In the previous part of this series, we saw that the NAND market is increasing its 3D NAND capacity in anticipation of strong demand growth in 2017 and 2018. Increasing demand and limited supply have increased NAND prices. However, the second-largest NAND supplier, Toshiba (TOSBF), recently put its NAND business up for sale to avoid bankruptcy.

Among the shortlisted bidders are Toshiba’s NAND JV (joint venture) partner Western Digital (WDC); the SK Hynix–Bain Capital consortium; the Broadcom (AVGO)–Silver Lake consortium; KKR & Co.; and the Development Bank of Japan–Innovation Network Corporation of Japan consortium.


He said that Western Digital might already have a capital expenditure budget in place for the NAND JV. If WDC acquires Toshiba’s NAND business, there would be no major significant change in its capital spending. The same would be the case if the SK Hynix consortium acquires Toshiba’s NAND business since these companies are in the memory business and understand the importance of supply discipline.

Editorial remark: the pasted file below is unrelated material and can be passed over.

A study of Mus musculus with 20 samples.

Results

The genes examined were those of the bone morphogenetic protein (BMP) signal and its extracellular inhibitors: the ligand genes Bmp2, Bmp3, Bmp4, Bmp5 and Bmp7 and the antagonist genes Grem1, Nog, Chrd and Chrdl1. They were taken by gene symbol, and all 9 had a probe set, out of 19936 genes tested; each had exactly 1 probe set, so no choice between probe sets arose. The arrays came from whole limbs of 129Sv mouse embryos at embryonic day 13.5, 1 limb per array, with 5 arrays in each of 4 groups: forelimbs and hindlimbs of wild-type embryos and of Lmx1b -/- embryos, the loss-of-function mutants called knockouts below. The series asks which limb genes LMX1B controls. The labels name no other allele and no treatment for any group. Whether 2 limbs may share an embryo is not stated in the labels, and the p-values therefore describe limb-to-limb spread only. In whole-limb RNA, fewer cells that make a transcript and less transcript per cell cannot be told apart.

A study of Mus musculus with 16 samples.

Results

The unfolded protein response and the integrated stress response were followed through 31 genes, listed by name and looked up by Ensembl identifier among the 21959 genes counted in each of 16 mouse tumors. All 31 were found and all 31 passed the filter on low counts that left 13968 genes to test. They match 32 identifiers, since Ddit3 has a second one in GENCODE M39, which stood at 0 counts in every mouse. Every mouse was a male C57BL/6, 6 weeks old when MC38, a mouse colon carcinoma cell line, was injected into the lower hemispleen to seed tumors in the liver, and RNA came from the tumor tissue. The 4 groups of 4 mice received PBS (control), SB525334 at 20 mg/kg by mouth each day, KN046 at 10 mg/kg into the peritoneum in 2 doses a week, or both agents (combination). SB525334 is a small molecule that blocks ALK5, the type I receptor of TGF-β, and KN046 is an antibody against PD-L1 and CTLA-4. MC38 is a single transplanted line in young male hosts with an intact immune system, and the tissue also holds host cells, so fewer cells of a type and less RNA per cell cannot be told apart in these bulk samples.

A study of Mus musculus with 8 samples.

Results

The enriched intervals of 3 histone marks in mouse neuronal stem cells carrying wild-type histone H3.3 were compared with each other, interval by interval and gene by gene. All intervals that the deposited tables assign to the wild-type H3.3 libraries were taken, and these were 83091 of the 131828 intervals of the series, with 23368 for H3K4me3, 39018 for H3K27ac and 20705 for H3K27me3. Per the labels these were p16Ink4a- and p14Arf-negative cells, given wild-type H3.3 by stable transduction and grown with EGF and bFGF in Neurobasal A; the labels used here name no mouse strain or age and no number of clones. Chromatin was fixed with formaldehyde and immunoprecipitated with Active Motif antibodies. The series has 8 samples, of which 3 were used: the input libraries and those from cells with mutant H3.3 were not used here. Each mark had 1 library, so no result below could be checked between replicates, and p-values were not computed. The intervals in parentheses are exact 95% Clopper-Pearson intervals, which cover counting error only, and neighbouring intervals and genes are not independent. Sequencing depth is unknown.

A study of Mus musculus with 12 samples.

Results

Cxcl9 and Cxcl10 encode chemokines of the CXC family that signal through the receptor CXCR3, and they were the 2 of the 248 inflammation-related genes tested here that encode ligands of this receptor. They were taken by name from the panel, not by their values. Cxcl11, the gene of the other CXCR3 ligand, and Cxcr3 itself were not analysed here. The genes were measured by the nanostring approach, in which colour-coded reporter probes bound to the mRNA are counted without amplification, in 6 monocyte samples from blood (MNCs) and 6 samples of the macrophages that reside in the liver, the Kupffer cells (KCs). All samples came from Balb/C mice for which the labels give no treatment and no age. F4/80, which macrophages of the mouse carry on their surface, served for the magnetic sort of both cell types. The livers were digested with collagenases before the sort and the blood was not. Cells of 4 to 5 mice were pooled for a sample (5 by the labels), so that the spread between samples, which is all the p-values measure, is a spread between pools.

Could the Toshiba deal disrupt the supply-demand equilibrium?

Maddock believes the bigger threat would come if a potential acquirer significantly changes the trajectory of that capital investment. If the ultimate acquirer doubles or triples the capital expenditures of the Toshiba-WDC JV, it would change the industry supply-demand dynamics and impact the profits of the overall NAND industry.

However, no disruptive change would happen in the short term since building a new capacity requires at least two years and $5.0 billion–$10.0 billion in capital. For the plant to be economically feasible, it should generate returns for at least 15 years since returns for the first four to five years would only go toward recovering the investment cost.

On the flip side, if Toshiba’s NAND business is acquired by someone with extreme financial discipline, it might cut the JV’s capital spending, which would reduce the industry’s supply, said Maddock.

Maddock said that all the scenarios assume that Micron doesn’t have any specific details about WDC’s or Toshiba’s capital budgets. It’s hard to predict the specific behavior of any potential acquirer since capital decisions change according to the internal and external environments.

While the DRAM (dynamic random access memory) and NAND markets present separate opportunities, automotive presents opportunities for hybrid memory, and Micron is at the forefront of that opportunity. Let’s look at that opportunity in the next part.